Councils’ innovative way to fund green projects
A council scheme to persuade small investors to help fund green projects is very innovative, says a Midlands green energy expert.
“They will be able to support projects in their own communities to fight climate change for as little as £5,” said Ron Fox of Noreus Ltd on the University of Keele Science and Innovation Park. “Even better they will be given a near-guaranteed return of 1.2 per cent a year as they are underwritten by the local authorities.”
He said this is a new variation on the old idea of councils issuing bonds, which died out in the 1990s when investment was restricted to institutional investors putting in large sums of money.
This new plan works by a local authority issuing Community Municipal Investments (CMI bonds) directly to the public via an internet-based crowdfunding platform.
“The good news,” said Ron, “is that projects such as putting solar panels on city centre buildings do not have to make profits for the investor to get a return from councils which are not allowed by the Government to go bankrupt.
“But there is no guarantee of a payout or that all the projects would be green and locally based.”
West Berkshire district council was the first to launch a local government green bond in July this year to raise £1m to pay for solar panels to be installed on five of their buildings. Already it has got £600,000 from 480 investors.
Then in August, Warrington Borough Council in Cheshire started a green investment scheme for £1m to help develop a solar farm in Cirencester, Gloucestershire, which had topped £100,000 in only a few days. The council, which is aiming to be carbon neutral by 2030, wants to generate renewable energy for their needs with any surplus sold.
Then Leeds City Council is aiming to be the first big metropolitan council to raise more than £1m this autumn for projects including putting solar panels on city buildings.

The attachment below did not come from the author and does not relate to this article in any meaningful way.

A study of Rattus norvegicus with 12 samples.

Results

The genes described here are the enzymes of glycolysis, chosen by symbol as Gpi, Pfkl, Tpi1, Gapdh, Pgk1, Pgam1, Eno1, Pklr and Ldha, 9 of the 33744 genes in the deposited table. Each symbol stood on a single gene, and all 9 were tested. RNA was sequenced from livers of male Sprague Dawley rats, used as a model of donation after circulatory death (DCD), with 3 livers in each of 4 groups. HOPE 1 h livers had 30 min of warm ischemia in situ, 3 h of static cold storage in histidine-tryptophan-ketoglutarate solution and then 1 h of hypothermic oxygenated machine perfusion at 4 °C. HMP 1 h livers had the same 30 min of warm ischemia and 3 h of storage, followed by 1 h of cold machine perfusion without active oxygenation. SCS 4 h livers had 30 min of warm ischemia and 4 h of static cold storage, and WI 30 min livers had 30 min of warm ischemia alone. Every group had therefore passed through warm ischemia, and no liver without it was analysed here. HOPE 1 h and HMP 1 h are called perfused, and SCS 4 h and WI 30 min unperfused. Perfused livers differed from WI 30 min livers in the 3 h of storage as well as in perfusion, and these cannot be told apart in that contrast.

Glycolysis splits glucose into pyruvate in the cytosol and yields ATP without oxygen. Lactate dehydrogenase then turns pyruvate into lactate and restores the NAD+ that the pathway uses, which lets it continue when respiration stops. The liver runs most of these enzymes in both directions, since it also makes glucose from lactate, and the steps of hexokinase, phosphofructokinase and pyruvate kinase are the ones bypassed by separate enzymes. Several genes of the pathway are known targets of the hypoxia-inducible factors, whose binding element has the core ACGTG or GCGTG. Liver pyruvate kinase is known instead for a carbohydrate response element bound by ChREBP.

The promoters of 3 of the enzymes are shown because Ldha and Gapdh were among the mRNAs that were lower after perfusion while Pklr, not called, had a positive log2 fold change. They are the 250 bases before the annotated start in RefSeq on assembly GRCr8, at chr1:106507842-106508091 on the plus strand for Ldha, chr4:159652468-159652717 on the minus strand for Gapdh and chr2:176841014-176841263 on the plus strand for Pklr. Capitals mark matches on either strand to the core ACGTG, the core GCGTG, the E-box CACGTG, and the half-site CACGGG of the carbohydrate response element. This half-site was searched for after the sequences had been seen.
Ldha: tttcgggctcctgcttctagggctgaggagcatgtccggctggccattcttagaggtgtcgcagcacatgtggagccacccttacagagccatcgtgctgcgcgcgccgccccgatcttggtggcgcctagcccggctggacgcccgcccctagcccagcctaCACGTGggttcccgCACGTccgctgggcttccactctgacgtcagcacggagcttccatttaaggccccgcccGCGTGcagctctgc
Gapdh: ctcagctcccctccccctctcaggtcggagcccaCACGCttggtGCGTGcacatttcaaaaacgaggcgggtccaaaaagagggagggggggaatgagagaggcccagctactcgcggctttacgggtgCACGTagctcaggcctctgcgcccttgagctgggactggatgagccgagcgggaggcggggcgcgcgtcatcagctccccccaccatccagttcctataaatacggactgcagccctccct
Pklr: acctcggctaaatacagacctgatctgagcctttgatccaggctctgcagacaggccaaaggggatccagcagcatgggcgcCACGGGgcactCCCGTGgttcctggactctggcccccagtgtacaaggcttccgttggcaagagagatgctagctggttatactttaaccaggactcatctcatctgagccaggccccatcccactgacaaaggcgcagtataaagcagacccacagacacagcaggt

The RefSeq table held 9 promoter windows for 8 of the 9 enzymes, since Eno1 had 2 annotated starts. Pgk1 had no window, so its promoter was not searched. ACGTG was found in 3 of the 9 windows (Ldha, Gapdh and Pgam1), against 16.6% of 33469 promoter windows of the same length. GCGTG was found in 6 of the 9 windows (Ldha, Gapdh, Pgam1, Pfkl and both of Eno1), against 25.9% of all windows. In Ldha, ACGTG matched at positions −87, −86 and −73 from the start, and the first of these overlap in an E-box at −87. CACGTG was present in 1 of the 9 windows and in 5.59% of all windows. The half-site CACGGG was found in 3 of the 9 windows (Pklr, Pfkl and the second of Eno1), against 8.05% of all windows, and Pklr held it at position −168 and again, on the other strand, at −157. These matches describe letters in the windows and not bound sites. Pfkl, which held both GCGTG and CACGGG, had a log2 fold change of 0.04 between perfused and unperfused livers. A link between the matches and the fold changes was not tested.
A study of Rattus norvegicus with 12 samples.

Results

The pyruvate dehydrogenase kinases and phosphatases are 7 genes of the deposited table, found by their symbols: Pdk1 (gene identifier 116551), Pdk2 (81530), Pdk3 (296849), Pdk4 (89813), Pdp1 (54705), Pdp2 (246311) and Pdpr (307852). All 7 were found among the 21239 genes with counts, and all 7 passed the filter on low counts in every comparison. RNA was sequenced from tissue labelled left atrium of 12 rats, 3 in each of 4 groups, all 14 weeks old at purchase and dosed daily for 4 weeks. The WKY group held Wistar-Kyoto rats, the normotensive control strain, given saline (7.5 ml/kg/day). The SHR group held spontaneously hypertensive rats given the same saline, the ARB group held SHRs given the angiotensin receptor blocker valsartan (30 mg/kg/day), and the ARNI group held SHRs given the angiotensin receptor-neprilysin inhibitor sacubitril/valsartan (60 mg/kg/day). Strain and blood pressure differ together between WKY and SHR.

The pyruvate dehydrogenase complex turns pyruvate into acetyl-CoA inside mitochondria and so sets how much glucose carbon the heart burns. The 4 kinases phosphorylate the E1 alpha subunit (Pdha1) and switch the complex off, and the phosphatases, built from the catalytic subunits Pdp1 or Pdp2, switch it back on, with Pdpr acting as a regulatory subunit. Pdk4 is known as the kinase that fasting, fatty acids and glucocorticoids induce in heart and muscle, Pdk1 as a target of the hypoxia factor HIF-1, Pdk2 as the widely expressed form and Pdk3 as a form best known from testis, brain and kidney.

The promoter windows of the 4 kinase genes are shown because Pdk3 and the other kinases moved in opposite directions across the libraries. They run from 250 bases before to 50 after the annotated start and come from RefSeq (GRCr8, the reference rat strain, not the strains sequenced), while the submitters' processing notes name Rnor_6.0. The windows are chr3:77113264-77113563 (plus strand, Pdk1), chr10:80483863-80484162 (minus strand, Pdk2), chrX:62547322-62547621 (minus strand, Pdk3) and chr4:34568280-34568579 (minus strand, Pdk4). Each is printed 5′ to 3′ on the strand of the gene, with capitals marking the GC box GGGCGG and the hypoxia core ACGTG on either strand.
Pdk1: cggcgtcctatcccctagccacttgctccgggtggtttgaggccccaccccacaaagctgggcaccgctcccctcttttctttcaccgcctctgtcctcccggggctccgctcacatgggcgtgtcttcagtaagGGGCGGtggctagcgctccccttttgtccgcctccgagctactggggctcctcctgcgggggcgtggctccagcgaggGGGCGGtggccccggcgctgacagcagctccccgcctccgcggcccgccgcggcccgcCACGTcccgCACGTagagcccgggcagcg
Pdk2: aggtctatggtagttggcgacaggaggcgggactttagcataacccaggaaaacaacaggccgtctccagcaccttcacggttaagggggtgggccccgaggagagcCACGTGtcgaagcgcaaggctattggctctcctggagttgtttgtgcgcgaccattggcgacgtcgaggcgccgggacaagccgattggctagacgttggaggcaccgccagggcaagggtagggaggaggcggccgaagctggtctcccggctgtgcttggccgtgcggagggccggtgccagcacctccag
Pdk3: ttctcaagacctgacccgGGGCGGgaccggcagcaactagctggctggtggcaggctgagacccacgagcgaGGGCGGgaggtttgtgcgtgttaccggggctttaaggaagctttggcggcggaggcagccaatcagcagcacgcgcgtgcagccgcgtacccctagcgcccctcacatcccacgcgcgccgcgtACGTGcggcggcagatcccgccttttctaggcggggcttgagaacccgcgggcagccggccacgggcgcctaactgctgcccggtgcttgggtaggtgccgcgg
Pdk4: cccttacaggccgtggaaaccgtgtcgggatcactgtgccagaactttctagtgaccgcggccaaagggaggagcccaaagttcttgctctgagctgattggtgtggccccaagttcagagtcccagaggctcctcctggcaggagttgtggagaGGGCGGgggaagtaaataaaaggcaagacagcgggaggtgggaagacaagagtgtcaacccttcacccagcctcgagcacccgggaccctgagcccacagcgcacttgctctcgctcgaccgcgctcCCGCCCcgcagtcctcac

Helping oversee the projects for the councils is the crowdfunding adviser Abundance Investments who are reported to be talking to around 30 councils about possible bond issues.
Their chief executive, Bruce Davis, said that a poll they had undertaken showed that 73 per cent would consider investing in a CMI, and the company reckons councils could raise £3 billion for local projects through their ethical investment platform.
But that figure is very small compared to the £157 billion that people lend to central government via National Savings & Investment products, said Ron.
However, he added: “It is a very innovative way for cash-strapped councils to respond to the challenge of a looming recession by providing new jobs while at the same time tackling the longer-term problem of a climate crisis. This scheme could play a key role in engaging people to help create a greener and more prosperous future so I hope more councils across the country will get involved.”
For more information about green energy call Ron on 0845 474 6641.